Never Miss an Important Birthday Again
Simple Technological Fix for Forgetful Minds
By dailyhap - 09:49PM - 05/23/2014
Right now, think of ten people whose birthdays you don’t want to forget. Here’s a sample list:
- Sister / Brother
- Girlfriend / Boyfriend / Partner / Husband / Wife
- High School Best Friend
- College Roommate
- Groomsman / Bridesmaid (for you, or that you were)
- Work Best Friend (current or former)
- The person who calls you for advice / when they’re having relationship problems
- The person who you call for advice / when you’re having relationship problems
- Boss/Important Client
Go find their birthdays (on Facebook, mutual friends, etc.) and program them onto your phone’s calendar. Set it to repeat every year, and set it to remind you at a time when you can and will call them. I choose midnight, because I like to be the first one to give that person a call (and if I miss the notice, I still have 24 hours to nail it). You might choose 7am instead.
Forgetting a person’s birthday isn’t the end of the world, but it can cause unnecessary suffering. Use technology instead to insure that you show someone how much you care about them.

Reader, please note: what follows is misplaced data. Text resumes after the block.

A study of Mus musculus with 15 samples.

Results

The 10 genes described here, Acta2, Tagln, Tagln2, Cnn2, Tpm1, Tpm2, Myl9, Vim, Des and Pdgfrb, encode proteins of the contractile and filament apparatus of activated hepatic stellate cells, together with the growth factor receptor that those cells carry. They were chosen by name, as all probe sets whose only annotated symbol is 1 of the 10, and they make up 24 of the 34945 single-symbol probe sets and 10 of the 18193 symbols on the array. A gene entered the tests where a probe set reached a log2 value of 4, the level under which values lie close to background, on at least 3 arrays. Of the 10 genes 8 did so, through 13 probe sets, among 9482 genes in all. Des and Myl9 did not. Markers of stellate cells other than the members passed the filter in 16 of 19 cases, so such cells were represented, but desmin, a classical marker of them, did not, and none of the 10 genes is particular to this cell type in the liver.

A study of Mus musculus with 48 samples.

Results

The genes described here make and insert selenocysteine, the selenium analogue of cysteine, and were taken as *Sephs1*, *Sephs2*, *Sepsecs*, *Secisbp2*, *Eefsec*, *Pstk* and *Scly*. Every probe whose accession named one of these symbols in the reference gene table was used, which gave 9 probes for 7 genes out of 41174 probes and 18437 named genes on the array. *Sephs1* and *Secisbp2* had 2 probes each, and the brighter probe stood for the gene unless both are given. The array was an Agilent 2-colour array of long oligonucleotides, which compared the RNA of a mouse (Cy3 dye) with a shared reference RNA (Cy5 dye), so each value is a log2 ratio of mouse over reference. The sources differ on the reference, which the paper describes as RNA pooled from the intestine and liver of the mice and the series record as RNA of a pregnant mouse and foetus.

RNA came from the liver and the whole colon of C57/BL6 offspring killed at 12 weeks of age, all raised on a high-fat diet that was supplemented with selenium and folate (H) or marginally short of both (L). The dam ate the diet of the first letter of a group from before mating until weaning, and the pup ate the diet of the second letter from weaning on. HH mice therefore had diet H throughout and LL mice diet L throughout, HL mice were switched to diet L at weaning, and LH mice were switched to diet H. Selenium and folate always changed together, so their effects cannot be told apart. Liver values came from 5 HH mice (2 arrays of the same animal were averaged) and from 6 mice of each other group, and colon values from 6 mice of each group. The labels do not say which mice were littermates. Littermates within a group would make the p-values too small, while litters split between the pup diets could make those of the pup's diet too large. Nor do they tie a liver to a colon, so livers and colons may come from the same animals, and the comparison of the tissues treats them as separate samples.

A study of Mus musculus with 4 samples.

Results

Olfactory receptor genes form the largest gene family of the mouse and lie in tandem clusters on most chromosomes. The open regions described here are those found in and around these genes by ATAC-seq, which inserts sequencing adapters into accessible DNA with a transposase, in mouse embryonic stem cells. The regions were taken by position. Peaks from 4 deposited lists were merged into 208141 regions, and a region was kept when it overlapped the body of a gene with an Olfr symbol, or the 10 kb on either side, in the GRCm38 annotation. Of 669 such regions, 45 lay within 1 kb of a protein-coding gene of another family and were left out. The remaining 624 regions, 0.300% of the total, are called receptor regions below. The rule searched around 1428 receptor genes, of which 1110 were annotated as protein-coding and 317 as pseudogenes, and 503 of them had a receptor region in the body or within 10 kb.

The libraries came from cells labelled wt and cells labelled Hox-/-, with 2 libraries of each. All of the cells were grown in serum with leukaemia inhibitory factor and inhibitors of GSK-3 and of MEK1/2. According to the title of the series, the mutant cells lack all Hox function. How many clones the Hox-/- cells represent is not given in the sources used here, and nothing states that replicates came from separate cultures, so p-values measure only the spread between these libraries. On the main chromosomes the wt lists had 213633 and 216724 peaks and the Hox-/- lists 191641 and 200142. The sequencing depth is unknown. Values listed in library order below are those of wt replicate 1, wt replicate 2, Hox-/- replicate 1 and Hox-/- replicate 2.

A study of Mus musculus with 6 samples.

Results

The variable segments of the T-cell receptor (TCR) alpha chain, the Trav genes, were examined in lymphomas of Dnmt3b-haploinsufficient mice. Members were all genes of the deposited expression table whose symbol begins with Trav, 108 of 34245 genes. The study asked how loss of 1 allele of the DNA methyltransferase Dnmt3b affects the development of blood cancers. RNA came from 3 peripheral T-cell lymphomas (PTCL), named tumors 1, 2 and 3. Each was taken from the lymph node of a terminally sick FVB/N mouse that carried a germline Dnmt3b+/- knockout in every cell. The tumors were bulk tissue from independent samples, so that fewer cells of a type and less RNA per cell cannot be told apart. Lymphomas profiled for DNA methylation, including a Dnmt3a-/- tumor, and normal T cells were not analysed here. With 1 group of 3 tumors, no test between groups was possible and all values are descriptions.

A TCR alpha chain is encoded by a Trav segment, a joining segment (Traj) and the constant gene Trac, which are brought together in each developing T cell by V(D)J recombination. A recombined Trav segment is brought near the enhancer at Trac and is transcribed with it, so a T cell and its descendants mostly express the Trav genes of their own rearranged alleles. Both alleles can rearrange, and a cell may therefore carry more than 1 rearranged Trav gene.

Showing a person love by reaching out in person is always more meaningful than posting on their Social Media account. Often just giving them a call and telling them how much they mean to you is enough of a present.
If you want to really make your birthday wish last, think of a specific moment that you appreciate about them, and tell them “when you [specific moment] I felt [how you felt].” For example, “When you invited me to write for DailyHap on a regular basis, I felt really trusted and valued.” You can add more or leave it at that. It could be different every year, or the same. Just remember that they are probably getting a lot of calls, and this is about them, not you, so keep it brief.
Albert Einstein in response to not knowing the speed of sound:
“[I do not] carry such information in my mind since it is readily available in books. ...The value of a college education is not the learning of many facts but the training of the mind to think.”
Einstein: His Life and Times (1947) Philipp Frank, p. 185)
(The commonly quoted "Never memorize what you can look up in books," is found in "Recording the Experience" (10 June 2004) at The Library of Congress, but no citation to Einstein's writings is given.)